One integrated app needed to streamline travel, says Philippine trade

Philippine tourism leaders are clamouring for one integrated app to serve post-pandemic domestic travellers, while contending that human touch is here to stay even as the industry gears towards smart tourism.

At the Second Tourism and Technology Forum organised by the Tourism Promotions Board (TPB), it was revealed that the current digital platform leaves much to be desired, with local government units (LGUs) of various destinations having varying apps for approving tourists’ entry, contact tracing, QR codes and the like.

Usage of a common app across the Philippines will help make travel easier and less complicated, says trade; passengers undergoing safety checks at airport in Panglao, Bohol pictured 

Monette Iturralde-Hamlin, PACEOS (Philippine Association of Convention/Exhibition Organizers and Suppliers) vice president for conventions, said the tourism industry needs one integrated app that can be used across the entire country to facilitate the return of travel.

He explained that having one integrated system would simplify health and safety protocols when travelling, and make for a better quality app.

Philippine Tour Operators Associations (Philtoa) president Cesar Cruz said that while tourists in overseas destinations only have to register their details on one app, domestic tourists in the Philippines had to, at one time, fill in their details on about four different apps and obtain four QR codes.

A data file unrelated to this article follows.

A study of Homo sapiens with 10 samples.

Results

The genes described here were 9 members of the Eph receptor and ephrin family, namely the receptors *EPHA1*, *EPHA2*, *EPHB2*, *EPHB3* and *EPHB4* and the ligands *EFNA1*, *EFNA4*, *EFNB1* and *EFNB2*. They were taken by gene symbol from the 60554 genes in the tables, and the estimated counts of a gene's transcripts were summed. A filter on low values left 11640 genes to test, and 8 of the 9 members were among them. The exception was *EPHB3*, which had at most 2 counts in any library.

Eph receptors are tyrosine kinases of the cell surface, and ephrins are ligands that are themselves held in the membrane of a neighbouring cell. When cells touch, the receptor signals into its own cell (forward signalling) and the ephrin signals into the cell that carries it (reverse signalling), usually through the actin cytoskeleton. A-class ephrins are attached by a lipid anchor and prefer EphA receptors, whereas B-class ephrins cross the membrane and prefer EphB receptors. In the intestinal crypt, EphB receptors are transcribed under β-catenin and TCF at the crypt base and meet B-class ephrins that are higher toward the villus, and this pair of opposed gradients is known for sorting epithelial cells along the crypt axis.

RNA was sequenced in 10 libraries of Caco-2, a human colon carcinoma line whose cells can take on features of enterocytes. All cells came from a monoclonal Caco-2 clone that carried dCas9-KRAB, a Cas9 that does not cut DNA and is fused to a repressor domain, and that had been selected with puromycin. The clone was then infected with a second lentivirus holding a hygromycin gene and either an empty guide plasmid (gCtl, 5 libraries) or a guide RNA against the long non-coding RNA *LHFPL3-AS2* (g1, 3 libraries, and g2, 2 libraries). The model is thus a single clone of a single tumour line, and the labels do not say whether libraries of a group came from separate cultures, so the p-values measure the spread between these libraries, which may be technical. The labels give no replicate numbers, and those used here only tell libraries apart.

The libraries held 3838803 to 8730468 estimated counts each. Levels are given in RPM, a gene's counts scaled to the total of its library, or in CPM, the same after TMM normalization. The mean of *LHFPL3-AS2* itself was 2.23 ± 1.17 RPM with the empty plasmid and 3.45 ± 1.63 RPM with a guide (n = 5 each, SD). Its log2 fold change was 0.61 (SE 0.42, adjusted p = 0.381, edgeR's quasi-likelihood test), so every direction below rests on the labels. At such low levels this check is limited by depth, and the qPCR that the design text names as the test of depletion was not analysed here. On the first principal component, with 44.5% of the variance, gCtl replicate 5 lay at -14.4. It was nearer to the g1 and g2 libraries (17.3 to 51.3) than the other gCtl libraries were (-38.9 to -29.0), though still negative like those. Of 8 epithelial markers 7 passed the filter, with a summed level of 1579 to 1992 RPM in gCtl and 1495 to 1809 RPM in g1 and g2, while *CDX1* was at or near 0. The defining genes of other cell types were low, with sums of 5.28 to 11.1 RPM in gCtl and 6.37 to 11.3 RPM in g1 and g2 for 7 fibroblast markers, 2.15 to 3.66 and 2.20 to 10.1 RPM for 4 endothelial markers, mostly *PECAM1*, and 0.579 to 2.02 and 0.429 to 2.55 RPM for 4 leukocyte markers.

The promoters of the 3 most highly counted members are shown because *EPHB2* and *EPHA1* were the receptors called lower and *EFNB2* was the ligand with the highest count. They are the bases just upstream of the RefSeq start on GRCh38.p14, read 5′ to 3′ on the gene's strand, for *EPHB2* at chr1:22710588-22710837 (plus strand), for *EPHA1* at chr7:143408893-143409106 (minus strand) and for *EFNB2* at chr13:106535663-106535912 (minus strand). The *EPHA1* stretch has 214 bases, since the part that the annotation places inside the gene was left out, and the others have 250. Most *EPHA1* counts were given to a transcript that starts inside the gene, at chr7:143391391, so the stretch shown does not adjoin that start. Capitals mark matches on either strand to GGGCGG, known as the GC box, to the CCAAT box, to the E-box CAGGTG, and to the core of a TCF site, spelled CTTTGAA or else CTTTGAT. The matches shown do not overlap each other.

Calling the procedure “complicated”, Cruz questioned why the other LGUs aren’t able to adopt Bagui City’s Visita app so that only one app needs to be used so as to enable efficiency and encourage more domestic travel.

Jojo Clemente, president, Tourism Congress of the Philippines, agreed on the need for an integrated app and, in future, a global app when international travel returns.

Clemente, however, stressed on “the need for human touch”. He said that technology can only do so much, and human touch is needed to enhance the experience, for instance, when people get frustrated booking online.

Concurring, Margie Munsayac, chair of Hotel Sales and Marketing Association International, said: “People are more comfortable talking to a human being than a chatbot because they can get the information they want.”

Both Clemente and Munsayac said the challenge for the industry is how to add the human touch into the customer experience, while maximising digital connectivity.